Because Medicare (and Medicaid) reimburses hospitals and clinics at a lower rate than private insurance companies, healthcare providers serving patients covered by these government programs often attempt to trim their services as much as possible without violating federal quality-of-care standards. The most recent example of this dynamic is now roiling the home-healthcare industry.

Prior to this year, Medicare paid providers of in-home healthcare based on a fairly straightforward formula: The more services the company provided its clients, the more dough it received from the government. That allowed SpiriTrust Lutheran, a Pennsylvania-based senior-services company, to offer a full complement of therapists to assist people like Anthony Holloway.

Diagnosed with ALS (amyotrophic lateral sclerosis) in 2017, Holloway, 59, can’t walk or get out of bed; he breathes with the aid of a ventilator. He had been receiving three hours of physical therapy, two hours of occupational therapy, and one hour of speech therapy each week, plus a biweekly visit from a nurse. Then, last November, SpiriTrust notified him and his wife, Deloise, that it was discontinuing all services, explaining that Medicare would no longer pay after January 1.

As Judith Graham reports in Kaiser Health News, Holloway and thousands of others who depend on Medicare for home healthcare services have seen their lives disrupted due to Medicare’s new Patient-Driven Groupings Model (PDGM). Sparked by a dramatic increase in home-healthcare costs since 2016, the policy doesn’t consider the need for specific therapy at all. Rather, it calculates reimbursement based on a more “holistic” — meaning, subjective — assessment:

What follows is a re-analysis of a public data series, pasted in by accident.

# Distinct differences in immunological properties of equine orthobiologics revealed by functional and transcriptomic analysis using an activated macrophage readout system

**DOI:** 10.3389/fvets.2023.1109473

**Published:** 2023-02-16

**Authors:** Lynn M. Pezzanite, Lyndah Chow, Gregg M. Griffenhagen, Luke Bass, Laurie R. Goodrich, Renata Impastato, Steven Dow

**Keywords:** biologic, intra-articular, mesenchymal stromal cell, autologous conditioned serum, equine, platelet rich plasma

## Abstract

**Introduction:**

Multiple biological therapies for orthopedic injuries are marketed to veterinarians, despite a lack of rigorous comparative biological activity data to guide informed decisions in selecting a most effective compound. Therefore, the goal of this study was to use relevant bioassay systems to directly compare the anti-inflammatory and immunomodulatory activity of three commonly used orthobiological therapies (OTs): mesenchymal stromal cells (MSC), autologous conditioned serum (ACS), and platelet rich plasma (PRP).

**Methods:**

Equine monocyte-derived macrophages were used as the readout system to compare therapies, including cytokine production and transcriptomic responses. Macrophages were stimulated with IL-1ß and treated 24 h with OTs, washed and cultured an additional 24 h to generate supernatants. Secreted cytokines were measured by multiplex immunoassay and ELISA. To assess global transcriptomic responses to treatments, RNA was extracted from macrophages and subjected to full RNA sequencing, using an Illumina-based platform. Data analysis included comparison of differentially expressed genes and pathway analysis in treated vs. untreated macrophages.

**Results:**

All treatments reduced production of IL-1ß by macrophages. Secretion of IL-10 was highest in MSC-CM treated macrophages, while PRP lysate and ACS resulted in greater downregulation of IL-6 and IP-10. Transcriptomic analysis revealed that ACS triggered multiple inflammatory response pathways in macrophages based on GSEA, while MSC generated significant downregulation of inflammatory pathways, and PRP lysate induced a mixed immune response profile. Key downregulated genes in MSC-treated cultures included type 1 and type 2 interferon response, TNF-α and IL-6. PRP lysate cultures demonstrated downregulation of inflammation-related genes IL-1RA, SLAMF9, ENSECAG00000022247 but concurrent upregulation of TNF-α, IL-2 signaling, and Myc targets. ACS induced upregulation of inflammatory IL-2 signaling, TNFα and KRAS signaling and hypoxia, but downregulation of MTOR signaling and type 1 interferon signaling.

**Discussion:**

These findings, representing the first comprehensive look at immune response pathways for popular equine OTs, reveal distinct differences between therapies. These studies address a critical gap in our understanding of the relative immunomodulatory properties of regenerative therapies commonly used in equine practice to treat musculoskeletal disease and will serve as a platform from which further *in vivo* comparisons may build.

SpiriTrust and other service providers are now rewarded for assisting clients recently released from a hospital with conditions such as postsurgical wounds who require fewer than 30 days of therapy. And they’ve been quick to terminate care for people like Holloway, who need extensive, long-term help. “It’s totally inhumane to do something like that,” Deloise told Graham. “I can’t verbalize how angry it makes you.”

PDGM is not going over very well with the folks who are providing the care, either. Graham cites a National Association for Home Care and Hospice survey that found a third of its 1,500 member agencies intended to cut therapy services as a result of the policy change. Widespread layoffs have already begun throughout the industry.

As you might expect, federal officials are monitoring the situation, while warning companies about short-changing patients. In an email to Graham, a spokesman for the Centers for Medicare & Medicaid Services delivered this dollop of PR pablum: “We do not expect home health agencies to under-supply care or services; reduce the number of visits in response to payment; or inappropriately discharge a patient receiving Medicare home health services as these would be violations of [Medicare] conditions of participation.”

But, as I often remind myself when ruminating on the vagaries of corporate capitalism, everybody’s gotta make a buck. And SpiriTrust and its ilk are generally going to respond to shifts in government policies by protecting their bottom line well before they start looking out for their employees and patients. Which makes me question whether “Medicare for All” and its various iterations might fall a bit short of the utopian vision some politicians are peddling.

I was heartened, however, to learn that Holloway and his wife were eventually able to find another agency willing to provide a portion of the weekly services SpiriTrust had withdrawn. It’s not ideal, certainly, but it will keep him out of a nursing home for the time being. Considering the capricious nature of Washington policymakers and the survival mechanisms of our healthcare industry, that may be the best outcome a guy can expect.